On October 9, the members of the archeological society “Antigua” conducted an assessment survey to Betki fortress which is located 18 kilometers from Naberezhnye Chelny.
A fourth-year student of the Faculty of History and Geography, a member of the archeological society Eugenyi Yarovikov told us what discoveries have been made by the students and what gives value to this archeological complex:
On October 9th, 9 members of the archeological society under the leadership of Albert Nigamaev, NCSPU Associate Professor, visited the site. Initially, they examined the village located on the lower left bank of the river Biklan. The village was rather large: the cape of 25 meters high spans 1.5 km to Naberezhnye Chelny. Unfortunately, today, the country house plots are built on the territory of the cape.
The members of the expedition examined the territory of the estimated location of the fortress, identified the inhabited places. According to the results of the survey, it was identified that the territory was suitable for the settlements thanks to the availability of the small river and 6-7 springs which was important for the Middle Ages.
The aim of the survey was to identify the location of the Betki fortress alongside the examination of the cultural deposits to find the traces of the Bolgar settlements. Unfortunately, the density and anthropogenic changes didn’t give a chance to examine the cultural deposits. They managed to examine some cultural deposits up to 30-35 centimeters in a hole on one of the plots of land. The survey helped make up a plan of the follow-up work on this territory; it became necessary to collect topographical landmarks and early sketches of this territory with reference to contemporary topography.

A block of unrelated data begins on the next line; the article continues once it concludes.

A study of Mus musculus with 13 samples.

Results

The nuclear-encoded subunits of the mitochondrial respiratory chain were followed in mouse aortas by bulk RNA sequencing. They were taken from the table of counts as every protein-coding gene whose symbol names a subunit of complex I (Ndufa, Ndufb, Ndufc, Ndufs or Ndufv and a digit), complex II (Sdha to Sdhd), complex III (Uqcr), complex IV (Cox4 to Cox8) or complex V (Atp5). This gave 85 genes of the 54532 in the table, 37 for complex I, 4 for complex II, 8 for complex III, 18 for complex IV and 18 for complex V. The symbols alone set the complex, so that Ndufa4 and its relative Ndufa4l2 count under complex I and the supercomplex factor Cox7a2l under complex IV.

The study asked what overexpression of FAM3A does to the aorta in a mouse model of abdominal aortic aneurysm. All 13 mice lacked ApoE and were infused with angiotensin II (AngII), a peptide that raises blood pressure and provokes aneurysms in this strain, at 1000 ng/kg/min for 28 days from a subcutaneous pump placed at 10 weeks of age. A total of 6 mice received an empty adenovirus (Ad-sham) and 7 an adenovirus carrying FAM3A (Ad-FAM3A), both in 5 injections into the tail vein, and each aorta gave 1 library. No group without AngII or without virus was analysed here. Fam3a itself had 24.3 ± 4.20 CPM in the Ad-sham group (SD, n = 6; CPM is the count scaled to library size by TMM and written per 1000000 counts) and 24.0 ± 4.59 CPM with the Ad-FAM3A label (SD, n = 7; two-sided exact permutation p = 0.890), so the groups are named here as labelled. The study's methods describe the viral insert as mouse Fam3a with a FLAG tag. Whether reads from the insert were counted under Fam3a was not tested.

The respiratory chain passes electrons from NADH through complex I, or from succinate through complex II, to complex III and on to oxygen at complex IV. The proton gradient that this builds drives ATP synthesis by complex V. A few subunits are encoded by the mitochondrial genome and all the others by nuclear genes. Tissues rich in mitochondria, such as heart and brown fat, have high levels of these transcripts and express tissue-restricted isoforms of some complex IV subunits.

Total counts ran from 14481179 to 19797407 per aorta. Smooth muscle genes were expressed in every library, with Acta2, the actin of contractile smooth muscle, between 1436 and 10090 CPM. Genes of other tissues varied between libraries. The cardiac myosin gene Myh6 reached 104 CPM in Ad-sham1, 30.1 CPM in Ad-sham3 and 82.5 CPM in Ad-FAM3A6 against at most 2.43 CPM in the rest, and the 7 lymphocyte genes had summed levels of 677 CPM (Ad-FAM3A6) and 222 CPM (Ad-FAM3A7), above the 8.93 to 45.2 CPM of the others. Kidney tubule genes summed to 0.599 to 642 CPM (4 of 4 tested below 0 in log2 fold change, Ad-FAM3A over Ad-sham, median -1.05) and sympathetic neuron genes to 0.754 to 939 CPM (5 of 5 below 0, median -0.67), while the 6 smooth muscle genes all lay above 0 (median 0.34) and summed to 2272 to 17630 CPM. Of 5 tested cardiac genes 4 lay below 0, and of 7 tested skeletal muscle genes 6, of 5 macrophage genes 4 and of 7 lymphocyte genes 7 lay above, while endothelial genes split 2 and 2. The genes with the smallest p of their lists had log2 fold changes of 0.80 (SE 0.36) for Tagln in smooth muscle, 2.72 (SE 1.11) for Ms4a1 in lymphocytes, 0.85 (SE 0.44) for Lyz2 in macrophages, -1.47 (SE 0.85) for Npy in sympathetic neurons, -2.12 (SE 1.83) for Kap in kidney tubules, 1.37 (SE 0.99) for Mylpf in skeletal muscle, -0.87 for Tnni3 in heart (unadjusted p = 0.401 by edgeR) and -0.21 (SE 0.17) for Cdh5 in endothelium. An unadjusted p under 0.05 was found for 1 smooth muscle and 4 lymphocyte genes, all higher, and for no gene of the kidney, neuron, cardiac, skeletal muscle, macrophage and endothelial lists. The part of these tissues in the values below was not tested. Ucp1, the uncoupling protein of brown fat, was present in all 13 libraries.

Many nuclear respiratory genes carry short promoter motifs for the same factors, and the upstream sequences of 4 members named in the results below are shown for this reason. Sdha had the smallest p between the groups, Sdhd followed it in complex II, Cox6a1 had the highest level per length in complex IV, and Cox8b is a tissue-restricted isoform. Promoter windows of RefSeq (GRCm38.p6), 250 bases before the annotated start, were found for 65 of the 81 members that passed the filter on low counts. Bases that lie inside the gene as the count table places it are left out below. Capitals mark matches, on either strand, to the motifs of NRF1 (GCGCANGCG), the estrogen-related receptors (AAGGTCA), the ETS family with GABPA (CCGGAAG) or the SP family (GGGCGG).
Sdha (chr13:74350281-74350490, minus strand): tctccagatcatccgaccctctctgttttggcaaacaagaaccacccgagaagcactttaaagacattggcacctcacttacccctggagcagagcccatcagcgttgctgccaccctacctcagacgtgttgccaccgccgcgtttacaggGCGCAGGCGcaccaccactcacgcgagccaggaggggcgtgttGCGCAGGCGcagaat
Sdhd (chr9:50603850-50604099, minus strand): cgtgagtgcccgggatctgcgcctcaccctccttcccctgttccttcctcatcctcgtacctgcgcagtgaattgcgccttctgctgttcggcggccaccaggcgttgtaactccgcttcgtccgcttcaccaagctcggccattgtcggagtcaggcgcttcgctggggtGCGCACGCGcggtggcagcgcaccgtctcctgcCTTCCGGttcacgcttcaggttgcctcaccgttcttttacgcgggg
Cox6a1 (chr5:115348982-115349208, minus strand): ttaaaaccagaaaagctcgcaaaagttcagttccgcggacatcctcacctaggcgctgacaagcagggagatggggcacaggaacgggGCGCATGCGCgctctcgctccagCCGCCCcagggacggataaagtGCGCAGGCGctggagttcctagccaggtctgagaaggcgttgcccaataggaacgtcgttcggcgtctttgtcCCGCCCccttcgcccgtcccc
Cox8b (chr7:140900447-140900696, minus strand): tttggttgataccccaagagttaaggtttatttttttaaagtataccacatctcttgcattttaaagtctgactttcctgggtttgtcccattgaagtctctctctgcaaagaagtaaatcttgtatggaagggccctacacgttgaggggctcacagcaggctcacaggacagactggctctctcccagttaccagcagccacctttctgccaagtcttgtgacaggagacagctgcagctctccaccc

The uniqueness of this ancient settlement consists in the fact that the landscape is very similar to the peculiarities of the landscape of Elevatornaya Gora. According to the written sources of XVII-XVIII, there was a Betki fortress built in 1656. Being the first fortress on this territory, it was a replica of the old Laish or Elabuga fortresses. It was from there that people could go by land from the Northern Urals to the South of Russia. Before everything else, the archeologists were interested in the early history of this territory.